Page last updated at 12:21 GMT, Tuesday, 16 March 2010

Petrol prices set for record high, says AA

Petrol pump
Petrol currently costs 1.15 a litre on average

UK petrol prices could hit a record average high of £1.20 a litre in the next few weeks, according to the AA.

Increases in the wholesale price of petrol since January are to blame for the rise in forecourt prices, the motoring organisation said.

It urged the Chancellor, Alistair Darling, to postpone the introduction of a planned 3p rise in petrol duty due to come in on 1 April.

The average UK price of unleaded petrol is currently just over £1.16 a litre.

The previous record UK average high for unleaded was 119.7p in July 2008, when global crude oil prices were also at an all-time high.

Regional variations

However, some petrol stations in central London - which the AA says typically have the highest petrol prices in the UK due to their limited number - are already charging £1.20.

High petrol and diesel prices are the only fair way of taxing road use

According to price comparison website, the BP Park Lane station beside Hyde Park was charging £1.20 a litre for unleaded on Monday.

Prices are currently even higher in parts of the Highlands and Islands of Scotland, which the AA says usually have the second highest prices after central London, due to the high distribution costs.

The price of unleaded in Stornoway on the Isle of Lewis was 122.8p a litre on Monday.

However, prices can be even higher at small, independent owned garages across the UK, as they cannot buy their fuel supplies in bulk.

'Inflation risk'

AA president Edmund King told the BBC: "We all know government finances are in dire straits but a 3p rise in fuel duty is not good for the economy and could fuel inflation."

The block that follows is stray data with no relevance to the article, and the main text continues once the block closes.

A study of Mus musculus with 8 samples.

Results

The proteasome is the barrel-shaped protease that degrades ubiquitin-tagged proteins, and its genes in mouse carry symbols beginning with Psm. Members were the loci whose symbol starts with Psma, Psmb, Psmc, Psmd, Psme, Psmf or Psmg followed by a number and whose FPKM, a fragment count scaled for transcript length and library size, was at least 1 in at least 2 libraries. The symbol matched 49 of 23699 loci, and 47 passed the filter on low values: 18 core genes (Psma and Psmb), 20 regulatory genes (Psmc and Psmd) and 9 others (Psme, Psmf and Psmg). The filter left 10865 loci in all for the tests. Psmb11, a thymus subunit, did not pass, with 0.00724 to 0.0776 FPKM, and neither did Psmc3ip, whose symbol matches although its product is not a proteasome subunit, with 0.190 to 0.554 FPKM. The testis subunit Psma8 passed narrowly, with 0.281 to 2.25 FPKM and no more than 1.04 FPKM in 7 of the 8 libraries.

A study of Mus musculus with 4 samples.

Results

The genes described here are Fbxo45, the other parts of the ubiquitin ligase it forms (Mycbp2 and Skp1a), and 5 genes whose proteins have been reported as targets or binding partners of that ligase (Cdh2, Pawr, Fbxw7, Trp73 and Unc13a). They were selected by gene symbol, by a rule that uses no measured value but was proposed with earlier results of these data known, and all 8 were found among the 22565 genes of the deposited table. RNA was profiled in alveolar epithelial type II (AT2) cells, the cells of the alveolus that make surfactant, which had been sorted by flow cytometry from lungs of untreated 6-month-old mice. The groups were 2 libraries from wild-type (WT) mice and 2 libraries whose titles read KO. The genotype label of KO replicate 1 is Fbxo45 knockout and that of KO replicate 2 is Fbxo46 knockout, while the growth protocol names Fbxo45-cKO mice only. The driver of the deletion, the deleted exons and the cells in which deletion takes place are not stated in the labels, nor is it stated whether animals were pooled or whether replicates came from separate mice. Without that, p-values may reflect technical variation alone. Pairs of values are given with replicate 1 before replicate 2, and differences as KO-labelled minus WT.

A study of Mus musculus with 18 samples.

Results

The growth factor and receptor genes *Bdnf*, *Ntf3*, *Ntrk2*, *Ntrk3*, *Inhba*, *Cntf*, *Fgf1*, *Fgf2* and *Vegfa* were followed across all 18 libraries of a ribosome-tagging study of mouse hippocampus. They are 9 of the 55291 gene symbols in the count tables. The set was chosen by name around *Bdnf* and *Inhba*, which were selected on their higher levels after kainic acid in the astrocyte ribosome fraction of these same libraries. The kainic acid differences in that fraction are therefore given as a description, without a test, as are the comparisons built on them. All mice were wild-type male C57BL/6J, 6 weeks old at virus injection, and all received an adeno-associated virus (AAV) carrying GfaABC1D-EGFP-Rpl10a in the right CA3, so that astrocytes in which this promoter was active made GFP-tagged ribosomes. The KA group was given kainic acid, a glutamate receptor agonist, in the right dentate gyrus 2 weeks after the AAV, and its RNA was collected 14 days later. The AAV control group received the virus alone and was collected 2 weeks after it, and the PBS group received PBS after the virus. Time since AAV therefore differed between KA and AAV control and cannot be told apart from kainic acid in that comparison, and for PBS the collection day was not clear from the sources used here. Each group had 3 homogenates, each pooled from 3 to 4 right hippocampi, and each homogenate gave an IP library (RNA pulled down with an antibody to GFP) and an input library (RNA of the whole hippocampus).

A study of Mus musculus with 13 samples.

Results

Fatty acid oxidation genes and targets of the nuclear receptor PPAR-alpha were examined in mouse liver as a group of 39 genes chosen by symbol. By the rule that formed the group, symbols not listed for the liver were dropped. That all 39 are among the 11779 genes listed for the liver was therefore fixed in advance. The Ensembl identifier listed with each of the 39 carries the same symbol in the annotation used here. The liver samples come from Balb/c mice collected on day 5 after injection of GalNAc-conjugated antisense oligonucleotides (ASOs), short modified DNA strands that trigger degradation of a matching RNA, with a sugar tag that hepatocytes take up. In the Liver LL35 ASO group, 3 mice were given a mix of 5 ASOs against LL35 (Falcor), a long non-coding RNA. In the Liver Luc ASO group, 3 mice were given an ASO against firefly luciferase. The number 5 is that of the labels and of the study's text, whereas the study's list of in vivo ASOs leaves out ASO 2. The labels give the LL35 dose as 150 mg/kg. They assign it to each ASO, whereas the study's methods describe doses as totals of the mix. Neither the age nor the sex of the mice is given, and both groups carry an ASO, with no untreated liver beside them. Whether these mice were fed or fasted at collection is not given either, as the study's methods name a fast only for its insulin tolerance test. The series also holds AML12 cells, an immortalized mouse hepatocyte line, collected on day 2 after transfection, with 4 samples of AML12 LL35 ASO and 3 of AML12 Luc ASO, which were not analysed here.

He said that the cost of wholesale petrol had risen by 17% in the past month, and this had not yet been passed on fully at the pumps.

Therefore, the average price of petrol could hit £1.20 before 1 April, he said.

The AA said families now paid £52 a month more on petrol than a year ago.

'Complete disgrace'

The price of oil is a major factor in the price of petrol, and yet the current oil price of about $80 a barrel is far below the $147-a-barrel high seen in the summer of 2008, the last time petrol prices neared £1.20 a litre.

This has led many to question why petrol costs so much right now.

Lindsay Hoyle, Labour MP on the Commons business committee, told the Daily Telegraph: "Crude oil has gone up this year, but nothing like the rise in petrol prices. Motorists are being legally mugged at the forecourt by petrol companies."

He called the current high price of petrol a "complete disgrace".

Analysts said increased refining costs and the weakening of sterling against the dollar - the currency in which oil is priced - helped to explain some of the increase in petrol prices.

Mr King said a lack of refining capacity in Europe had contributed to the rise in wholesale prices.

"The oil industry needs to look at refining capacity to keep costs down," he said.